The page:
Good morning everyone!
Yesterday I wrote about the showing of Mark Wiener's art at 1133 and 1155 Sixth Avenue - I hope you all make plans to go and see those two lobbies. It is a terrific showing of great art.
And, I also want you to know that there is art not far from us - yet, across the river - that may be worth another sort of visit.
Earlier yesterday my friend Philippe and I went for a jaunt across the George Washington Bridge - and up the Palisades about 5 miles in Palisades Interstate Park to explore the nature of nature just across the great North River (as it's still called on some nautical charts).
The views are magnificent
Our walk was in the best weather: not too cool, not too warm, and sunny all the time. I have never done this whole walk before. Last time was just to Palisades Avenue, and then down through Englewood Cliffs, Englewood, and ending in Tenafly at the Cafe Angelique - with the bus back to Port Authority just a short walk away.
But this time that was less than half-way along the park's path. We walked all the way to the Gate to the Greenbrook Sanctuary. (If I can manage a membership there, well, that should be interesting! Please check their website.)
|Philippe takes a look across the river from the Rockefeller Lookout.|
Then we crossed route 9W, and extended our walk into the Lost Brook Preserve, part of the 380 acres of the Tenafly Nature Center, onto the Little Chism Trail and trudged north to Hudson Avenue. Yes, trudged! The path was meandering, and although I knew by the map that it would get us where we wanted to go, Philippe's protestations that "we're going East!" were somewhat vexing; after all, this was new to me too!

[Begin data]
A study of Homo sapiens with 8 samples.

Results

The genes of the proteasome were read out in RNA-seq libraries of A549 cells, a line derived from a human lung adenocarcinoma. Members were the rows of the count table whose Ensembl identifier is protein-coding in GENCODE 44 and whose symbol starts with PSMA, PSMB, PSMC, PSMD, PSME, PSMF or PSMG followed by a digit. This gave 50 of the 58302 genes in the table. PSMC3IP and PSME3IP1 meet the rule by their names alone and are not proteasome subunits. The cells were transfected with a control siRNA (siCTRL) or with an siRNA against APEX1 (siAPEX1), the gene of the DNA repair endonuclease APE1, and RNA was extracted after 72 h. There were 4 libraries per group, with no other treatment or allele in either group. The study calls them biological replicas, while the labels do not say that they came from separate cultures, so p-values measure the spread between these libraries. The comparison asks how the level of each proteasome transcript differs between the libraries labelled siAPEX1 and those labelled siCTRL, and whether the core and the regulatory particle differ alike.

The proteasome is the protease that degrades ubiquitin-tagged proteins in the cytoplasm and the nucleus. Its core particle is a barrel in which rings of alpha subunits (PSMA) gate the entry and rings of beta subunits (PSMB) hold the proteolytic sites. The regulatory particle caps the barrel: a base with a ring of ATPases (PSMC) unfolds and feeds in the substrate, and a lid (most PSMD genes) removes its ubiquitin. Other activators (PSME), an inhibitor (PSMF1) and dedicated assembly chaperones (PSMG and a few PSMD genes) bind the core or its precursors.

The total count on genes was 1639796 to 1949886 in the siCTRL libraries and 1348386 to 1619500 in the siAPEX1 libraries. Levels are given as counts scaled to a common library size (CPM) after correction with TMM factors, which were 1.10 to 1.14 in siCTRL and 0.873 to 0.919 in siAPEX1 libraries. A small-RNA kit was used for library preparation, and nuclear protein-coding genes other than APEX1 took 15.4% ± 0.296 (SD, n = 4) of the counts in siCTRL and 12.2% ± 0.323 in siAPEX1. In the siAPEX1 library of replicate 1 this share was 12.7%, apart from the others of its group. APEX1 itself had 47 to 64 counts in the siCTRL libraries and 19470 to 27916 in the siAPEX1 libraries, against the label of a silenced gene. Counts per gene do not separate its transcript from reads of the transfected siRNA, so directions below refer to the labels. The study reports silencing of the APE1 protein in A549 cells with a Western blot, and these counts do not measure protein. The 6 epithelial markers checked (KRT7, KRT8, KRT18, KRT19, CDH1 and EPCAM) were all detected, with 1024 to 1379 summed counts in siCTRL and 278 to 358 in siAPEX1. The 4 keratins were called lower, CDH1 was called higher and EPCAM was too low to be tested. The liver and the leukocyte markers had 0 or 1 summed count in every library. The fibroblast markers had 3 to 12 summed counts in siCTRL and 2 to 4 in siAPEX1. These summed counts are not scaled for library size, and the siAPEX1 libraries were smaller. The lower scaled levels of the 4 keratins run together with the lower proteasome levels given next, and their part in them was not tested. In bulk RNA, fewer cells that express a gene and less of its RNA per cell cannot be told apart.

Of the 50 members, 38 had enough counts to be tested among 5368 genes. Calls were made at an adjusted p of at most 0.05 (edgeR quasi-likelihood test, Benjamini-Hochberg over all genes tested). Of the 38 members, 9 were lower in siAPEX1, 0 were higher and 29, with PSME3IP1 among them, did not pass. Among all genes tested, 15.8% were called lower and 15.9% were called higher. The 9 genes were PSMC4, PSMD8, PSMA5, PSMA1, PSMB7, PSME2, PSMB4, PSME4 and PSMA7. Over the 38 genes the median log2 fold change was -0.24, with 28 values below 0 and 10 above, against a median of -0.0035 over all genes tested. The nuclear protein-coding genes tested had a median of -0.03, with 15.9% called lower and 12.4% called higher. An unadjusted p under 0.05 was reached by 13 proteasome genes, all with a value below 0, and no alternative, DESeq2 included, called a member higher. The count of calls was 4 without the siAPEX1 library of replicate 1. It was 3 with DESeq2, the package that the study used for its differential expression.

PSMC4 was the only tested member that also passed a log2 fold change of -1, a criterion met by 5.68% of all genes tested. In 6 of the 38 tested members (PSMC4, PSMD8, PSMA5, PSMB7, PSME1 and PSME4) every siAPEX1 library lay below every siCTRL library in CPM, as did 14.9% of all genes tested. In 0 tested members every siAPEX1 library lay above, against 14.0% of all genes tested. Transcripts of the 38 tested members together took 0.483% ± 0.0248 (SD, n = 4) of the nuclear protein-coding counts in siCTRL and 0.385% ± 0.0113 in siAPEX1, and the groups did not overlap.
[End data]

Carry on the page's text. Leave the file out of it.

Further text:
But, you see, I grew up in Tenafly and "knew" the place - sort of! I hadn't gone on that path ever before. And I still can't make out exactly why it's got that name: the Chisholm Trail was in Kansas where cattle were driven in the 19th century - but this didn't seem to be at all amenable to any sort of cattle!
So, we got to the gravel section of Hudson Avenue, and making a left turn soon discovered (at least Philippe discovered it, I knew it was there) the Lambeer Mansion, which is a fine example of the French 2nd Empire style popular in the mid 19th Century. The home was built in the 1860's, and is still a private home. (Sorry! No picture here - yet.)
But I am planning on offering you all a walk along these paths - promising much to discover! - in October, so stay tuned!
Watch this blog - and check my website - for the announcement for this walk!